Tacher, a True Jack of All Trades


Marc TacherPhotos by Z


There is not much Marc Tacher hasn't tried his hand at in the horse racing industry. The native of Puerto Rico breeds, buys and races horses; owns part of a racetrack; and pinhooks. He hopes to enjoy more pinhooking success Wednesday as he sends three juveniles through the ring at the Fasig-Tipton Gulfstream Sale.

Growing up in Puerto Rico, Tacher was bit by the racing bug at a young age and made his first investment in the game early in his adult years.

“I got into horse racing early. As a kid, I used to go to the track with my father,” said Tacher, who owns insurance companies around the U.S., but mainly in Miami. “When I was in my twenties I bought a piece of a horse and that is how I got started over 32 years ago.”

Tacher now has 85 horses in training in both Puerto Rico and the United States; operates a breeding program predominantly in the U.S. territory; and owns part of his local racetrack, Hipódromo Camarero.

“I kept on buying horses and, through the years, I was pretty successful at that,” said Tacher. “I raced mostly in Puerto Rico. The opportunity came to buy the racetrack in 2004, but it took like three years to get it done.”

Of all the things he does, Tacher enjoys racing the most.

“I have the biggest stable in Puerto Rico,” he said. “I have been leading owner there for the past five years. In the U.S., I am in second-place in victories in the nation and was third last year [racing as Sonata Stable].”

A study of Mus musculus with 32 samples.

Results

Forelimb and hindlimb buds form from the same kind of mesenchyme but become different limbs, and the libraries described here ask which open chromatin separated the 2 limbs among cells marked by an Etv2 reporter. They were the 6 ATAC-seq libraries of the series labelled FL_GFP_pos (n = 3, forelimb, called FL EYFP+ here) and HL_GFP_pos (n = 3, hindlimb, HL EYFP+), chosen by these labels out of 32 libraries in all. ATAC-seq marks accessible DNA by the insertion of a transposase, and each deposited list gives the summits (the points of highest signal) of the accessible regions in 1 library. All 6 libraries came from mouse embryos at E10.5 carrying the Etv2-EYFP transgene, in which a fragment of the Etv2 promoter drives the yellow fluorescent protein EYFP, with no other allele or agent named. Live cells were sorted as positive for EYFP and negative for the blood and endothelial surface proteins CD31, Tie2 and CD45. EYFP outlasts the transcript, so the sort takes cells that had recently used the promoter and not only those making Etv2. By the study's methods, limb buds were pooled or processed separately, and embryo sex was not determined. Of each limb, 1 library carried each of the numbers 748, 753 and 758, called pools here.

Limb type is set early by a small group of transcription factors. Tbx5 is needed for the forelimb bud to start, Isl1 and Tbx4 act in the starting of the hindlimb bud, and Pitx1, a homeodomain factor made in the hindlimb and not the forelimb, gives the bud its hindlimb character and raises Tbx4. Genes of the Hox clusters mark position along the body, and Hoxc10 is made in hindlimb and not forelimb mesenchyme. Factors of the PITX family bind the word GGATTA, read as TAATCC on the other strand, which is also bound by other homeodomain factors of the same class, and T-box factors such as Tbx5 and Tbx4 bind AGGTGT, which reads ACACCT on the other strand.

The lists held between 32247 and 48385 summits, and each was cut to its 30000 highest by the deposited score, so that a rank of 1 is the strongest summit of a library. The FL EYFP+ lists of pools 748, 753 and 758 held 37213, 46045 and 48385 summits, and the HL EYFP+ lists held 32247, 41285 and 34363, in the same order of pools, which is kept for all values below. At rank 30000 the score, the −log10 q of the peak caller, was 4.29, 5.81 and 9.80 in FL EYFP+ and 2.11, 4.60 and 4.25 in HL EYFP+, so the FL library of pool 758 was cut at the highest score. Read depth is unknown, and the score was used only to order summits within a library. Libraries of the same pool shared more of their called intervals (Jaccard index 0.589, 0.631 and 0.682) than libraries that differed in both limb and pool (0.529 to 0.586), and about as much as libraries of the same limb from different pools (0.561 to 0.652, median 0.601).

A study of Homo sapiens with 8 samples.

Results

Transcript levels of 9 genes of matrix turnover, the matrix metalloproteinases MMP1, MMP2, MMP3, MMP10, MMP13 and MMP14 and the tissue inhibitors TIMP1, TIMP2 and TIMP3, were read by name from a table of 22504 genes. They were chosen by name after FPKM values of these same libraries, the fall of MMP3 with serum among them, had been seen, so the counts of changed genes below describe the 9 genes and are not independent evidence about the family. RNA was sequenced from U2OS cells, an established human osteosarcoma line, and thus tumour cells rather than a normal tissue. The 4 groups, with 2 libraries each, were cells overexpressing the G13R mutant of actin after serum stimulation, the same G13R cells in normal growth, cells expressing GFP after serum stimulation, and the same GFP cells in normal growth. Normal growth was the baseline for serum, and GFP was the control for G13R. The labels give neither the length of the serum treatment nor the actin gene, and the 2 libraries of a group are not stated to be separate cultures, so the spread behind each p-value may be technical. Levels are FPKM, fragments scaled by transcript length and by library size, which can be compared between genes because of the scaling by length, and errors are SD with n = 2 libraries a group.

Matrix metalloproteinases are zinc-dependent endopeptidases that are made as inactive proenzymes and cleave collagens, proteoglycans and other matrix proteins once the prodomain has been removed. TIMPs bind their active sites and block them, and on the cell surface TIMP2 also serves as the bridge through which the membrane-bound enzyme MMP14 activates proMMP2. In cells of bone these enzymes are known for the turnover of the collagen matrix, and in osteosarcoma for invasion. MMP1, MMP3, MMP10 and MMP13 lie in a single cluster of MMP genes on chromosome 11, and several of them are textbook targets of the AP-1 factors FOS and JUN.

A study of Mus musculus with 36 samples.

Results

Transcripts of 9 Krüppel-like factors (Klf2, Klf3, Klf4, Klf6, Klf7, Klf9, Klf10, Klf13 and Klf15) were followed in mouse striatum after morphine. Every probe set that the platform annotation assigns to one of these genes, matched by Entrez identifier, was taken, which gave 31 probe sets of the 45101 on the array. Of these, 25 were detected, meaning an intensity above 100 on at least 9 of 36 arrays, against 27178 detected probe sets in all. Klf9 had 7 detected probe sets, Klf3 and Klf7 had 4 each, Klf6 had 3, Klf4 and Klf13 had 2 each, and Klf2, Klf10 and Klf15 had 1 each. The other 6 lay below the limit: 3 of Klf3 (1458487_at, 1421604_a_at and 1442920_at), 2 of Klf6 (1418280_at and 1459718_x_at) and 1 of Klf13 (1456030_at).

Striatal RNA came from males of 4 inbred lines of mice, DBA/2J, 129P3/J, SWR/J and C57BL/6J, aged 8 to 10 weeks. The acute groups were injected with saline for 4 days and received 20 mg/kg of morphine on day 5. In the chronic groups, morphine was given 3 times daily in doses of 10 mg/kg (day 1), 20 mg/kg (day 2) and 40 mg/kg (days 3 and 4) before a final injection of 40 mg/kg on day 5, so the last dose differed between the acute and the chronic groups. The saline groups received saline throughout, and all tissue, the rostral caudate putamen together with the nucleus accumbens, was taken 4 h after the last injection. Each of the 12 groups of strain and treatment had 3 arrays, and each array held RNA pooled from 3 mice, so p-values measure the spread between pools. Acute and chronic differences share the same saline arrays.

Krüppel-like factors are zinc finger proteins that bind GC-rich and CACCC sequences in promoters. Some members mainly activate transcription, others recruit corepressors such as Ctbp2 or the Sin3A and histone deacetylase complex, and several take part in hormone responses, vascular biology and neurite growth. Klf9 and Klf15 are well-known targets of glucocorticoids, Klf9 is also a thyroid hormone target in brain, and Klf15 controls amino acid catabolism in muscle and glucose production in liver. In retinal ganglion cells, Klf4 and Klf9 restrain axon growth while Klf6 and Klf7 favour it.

Tacher continued, “I won the Puerto Rican Triple Crown, which was a nice experience to have. Not many people get to experience that, so that was a good feeling.”

Tacher has also done well with pinhooking. His biggest success in that venture, however, did not come at auction.

“My biggest score didn't go through the ring, but I sold a Distorted Humor colt for $1.5 million that I bought for $60,000,” Tacher said. “I mostly buy to pinhook, but through the months leading up to the juvenile sales, I can change my position or if the horse doesn't bring what I think he is worth, I keep him to race. I don't buy to race, to be honest, I buy to pinhook. Most of what I race are RNAs and I also buy at the 2-year-old sales.”

Three of Tacher's yearling purchases are set to sell Wednesday with de Meric Sales, who he has been using for the past three years. The first to go through the ring will be Hip 81, a filly from the first crop of Practical Joke. The $130,000 KEESEP purchase is out of a half-sister to MGSW Takeover Target (Harlan's Holiday) and SW Ladies' Privilege (Harlan's Holiday).

“She is a nice filly and very forward,” said Tristan de Meric. “These Practical Jokes are really training well and she is one we have liked all year. She is a balanced and good-looking filly.”

Tacher secured Hip 92, a son of last year's leading freshman sire Nyquist, for $155,000 at Keeneland September. The chestnut colt hails from the family of MGISW Diversify (Bellamy Road).

“He is a really nice colt with a lot of leg,” de Meric said. “He has been training very well and is a horse we think could do really well at the sale.”

Rounding out the Tacher trio is a colt from the first crop of the late champion Arrogate (Hip 122). The $200,000 FTKOCT acquisition is out of MSW Hero's Amor (Street Hero), who is a full-sister to SW & MGSP Threefiveindia.

“He is a bit immature, but he is very quick and sharp,” Tacher said. “He is not as big as the Nyquist colt, but he is fast and looks like he should do well. He is a very refined colt.”

The Fasig-Tipton Gulfstream Sale will be held Wednesday at Gulfstream Park starting at 2 p.m. and the breeze show is Monday at 9 a.m.